The Real Battle for Olympic™ Gold | Adweek The Real Battle for Olympic™ Gold | Adweek

Athletes seek their own piece of the action amid corporate takeover of the games

Photo: Chris Mueller


Symmonds’ up-yours to the system began earlier this year, when he auctioned off a patch of his skin on eBay, sparking a bidding war among 85 brands wanting to advertise on his body. Milwaukee outdoor lifestyle agency Hanson Dodge Creative snagged the space for $11,100. It’s a branding coup made all the more valuable by headlines trailing the handsome 28-year-old track star ever since he convinced Paris Hilton to go on a date with him.

The tattoo is temporary, but the reasons behind Symmonds’ one-man campaign to fund himself and tweak the powers that be are lasting. The Olympics will generate $6 billion to $7 billion, possibly more, in sponsorship and advertising revenue. Yet many of the more than 10,000 athletes competing this summer struggle to get by financially.

At the upcoming Summer Games, Symmonds will continue to wear a tattoo with the agency’s Twitter handle stenciled on his left arm. Though the rules require him to cover the words @HansonDodge during meets, the swatch of white sports tape whizzing by on his muscle will be visible as a gesture of defiance to the Olympic world. “I was appalled at what was going on. Most of the financial gains of the sport are not passed along to the athletes,” says Symmonds, who also competed in the 2008 games. “So many Olympians are living below the poverty line.”

To pursue an Olympic dream, the cost of training, housing, coaching and travel reaches the low six figures, according to estimates. Yet few athletes come close to earning that. In U.S. track and field, for example, 50 percent of the top 10 competitors in each event make less than $15,000 a year in sponsorship, grants or prize money, according to a recent study by the Track and Field Athletes Association. To make up the shortfall, synchronized swimmers in California work shifts at a Santa Clara bingo hall. In New Zealand, tae kwon do athlete Logan Campbell opened an escort agency, which is legal in that country. And one of America’s top steeplechase competitors, Ben Bruce (who has bunked at Symmonds’ place in Eugene, Ore.), was forced to go on food stamps after failing to convince Nike to increase his meager stipend. What’s more, for many of these athletes, health insurance is a luxury.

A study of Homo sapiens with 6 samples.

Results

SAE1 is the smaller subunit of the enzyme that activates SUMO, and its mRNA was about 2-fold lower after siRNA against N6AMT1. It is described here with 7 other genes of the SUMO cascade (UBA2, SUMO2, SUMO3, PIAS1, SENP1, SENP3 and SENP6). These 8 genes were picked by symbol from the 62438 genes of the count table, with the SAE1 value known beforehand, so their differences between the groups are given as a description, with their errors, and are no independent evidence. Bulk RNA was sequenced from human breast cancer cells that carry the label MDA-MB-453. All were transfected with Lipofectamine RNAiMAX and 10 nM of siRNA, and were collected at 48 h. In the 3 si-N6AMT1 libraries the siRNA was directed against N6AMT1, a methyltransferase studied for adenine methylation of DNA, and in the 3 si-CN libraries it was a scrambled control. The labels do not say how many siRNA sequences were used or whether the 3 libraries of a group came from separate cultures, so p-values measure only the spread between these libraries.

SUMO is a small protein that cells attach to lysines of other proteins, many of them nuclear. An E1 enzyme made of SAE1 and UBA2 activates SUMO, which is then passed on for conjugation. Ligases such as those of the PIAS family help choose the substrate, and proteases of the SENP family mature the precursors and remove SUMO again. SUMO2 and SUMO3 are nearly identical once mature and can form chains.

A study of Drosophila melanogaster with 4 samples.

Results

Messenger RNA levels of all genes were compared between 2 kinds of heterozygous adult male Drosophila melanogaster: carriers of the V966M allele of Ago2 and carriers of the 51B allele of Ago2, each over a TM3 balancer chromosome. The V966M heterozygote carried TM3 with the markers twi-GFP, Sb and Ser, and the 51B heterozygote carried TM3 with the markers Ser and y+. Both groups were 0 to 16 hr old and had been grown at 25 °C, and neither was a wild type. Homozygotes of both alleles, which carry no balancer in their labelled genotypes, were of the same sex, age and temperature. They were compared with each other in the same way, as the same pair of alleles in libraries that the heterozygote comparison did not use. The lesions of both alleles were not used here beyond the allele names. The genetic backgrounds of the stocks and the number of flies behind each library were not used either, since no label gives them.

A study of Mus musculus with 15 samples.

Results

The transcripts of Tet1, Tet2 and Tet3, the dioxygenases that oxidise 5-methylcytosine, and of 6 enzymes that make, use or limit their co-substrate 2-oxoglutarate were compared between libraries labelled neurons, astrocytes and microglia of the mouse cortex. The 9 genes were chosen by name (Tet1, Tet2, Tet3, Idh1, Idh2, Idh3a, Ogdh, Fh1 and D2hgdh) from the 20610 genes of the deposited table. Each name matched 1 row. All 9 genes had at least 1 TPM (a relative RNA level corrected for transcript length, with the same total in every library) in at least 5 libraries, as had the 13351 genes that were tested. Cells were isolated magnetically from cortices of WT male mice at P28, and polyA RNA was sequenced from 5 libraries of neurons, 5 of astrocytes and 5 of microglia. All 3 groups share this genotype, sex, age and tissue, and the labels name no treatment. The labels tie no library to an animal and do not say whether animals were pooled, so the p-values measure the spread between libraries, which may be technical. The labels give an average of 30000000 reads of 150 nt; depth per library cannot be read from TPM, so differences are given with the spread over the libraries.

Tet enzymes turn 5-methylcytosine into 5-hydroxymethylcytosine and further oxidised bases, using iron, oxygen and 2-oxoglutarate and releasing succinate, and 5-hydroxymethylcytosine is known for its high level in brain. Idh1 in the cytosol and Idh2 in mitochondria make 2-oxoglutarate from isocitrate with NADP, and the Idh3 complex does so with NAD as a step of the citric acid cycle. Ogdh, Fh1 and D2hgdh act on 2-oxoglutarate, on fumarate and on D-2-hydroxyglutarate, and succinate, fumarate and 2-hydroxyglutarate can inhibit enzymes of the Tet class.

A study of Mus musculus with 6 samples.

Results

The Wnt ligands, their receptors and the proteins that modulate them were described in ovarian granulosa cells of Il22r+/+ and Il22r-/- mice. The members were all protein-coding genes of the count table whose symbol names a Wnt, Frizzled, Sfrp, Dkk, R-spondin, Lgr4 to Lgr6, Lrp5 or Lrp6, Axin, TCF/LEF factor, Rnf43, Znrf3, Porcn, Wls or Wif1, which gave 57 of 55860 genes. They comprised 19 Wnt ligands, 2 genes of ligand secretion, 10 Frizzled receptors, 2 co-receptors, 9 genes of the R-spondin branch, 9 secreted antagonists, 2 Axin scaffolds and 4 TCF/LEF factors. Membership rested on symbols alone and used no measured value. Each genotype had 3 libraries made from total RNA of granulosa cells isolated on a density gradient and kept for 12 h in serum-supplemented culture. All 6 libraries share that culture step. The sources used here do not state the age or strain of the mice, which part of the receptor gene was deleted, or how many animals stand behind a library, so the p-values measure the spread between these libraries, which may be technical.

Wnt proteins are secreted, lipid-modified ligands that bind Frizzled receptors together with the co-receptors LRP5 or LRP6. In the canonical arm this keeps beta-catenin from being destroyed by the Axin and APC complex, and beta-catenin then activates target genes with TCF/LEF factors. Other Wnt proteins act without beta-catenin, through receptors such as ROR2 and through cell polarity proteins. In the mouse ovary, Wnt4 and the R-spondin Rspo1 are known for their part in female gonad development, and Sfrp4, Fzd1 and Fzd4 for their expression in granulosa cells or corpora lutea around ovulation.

“I got tons of gear, but you can’t take a Nike shirt to the grocery store and buy food with it,” says Bruce, who got a better deal after moving to Adidas.

Now more athletes are speaking out, especially on Symmonds’ Facebook page, railing against the dominance of big business and what he calls “crippled and antiquated” rules limiting advertising that can be worn or shown during competition, which limits an individual’s earnings. Ultimately, he’s speaking for many competitors when he asks the fundamental question: Who is allowed to make money off the Olympics?

The corporate money in play from sponsors and advertisers has reached stratospheric levels this year, according to Olympics marketing expert Rob Prazmark, founder and CEO of 21 Sports in Greenwich, Conn., and a founder of The Olympic Partner (TOP) program. Prazmark tallies up spending related to this year’s games: $1 billion dollars raised by the London Organizing Committee; more than $1 billion from the International Olympic Committee’s TOP sponsors; more than $200 million in U.S. Olympic Committee sponsors and another $800 million to $1 billion from other countries’ National Olympic Organizations; $1.18 billion paid by NBC for U.S. media rights; close to $1 billion sold by NBC in advertising; another $1 billion in rights fees worldwide; and more than $1 billion spent by sponsors in hospitality, promotion and athlete endorsement fees.

In this complex cash-for-rights hierarchy, the National Olympic Committees secure their own sponsors, which in the U.S. includes 22 companies that don’t always align with those appearing in London. Nike, for example, is providing Team USA’s uniforms, while Adidas is the official shoe and apparel company of the London Olympics.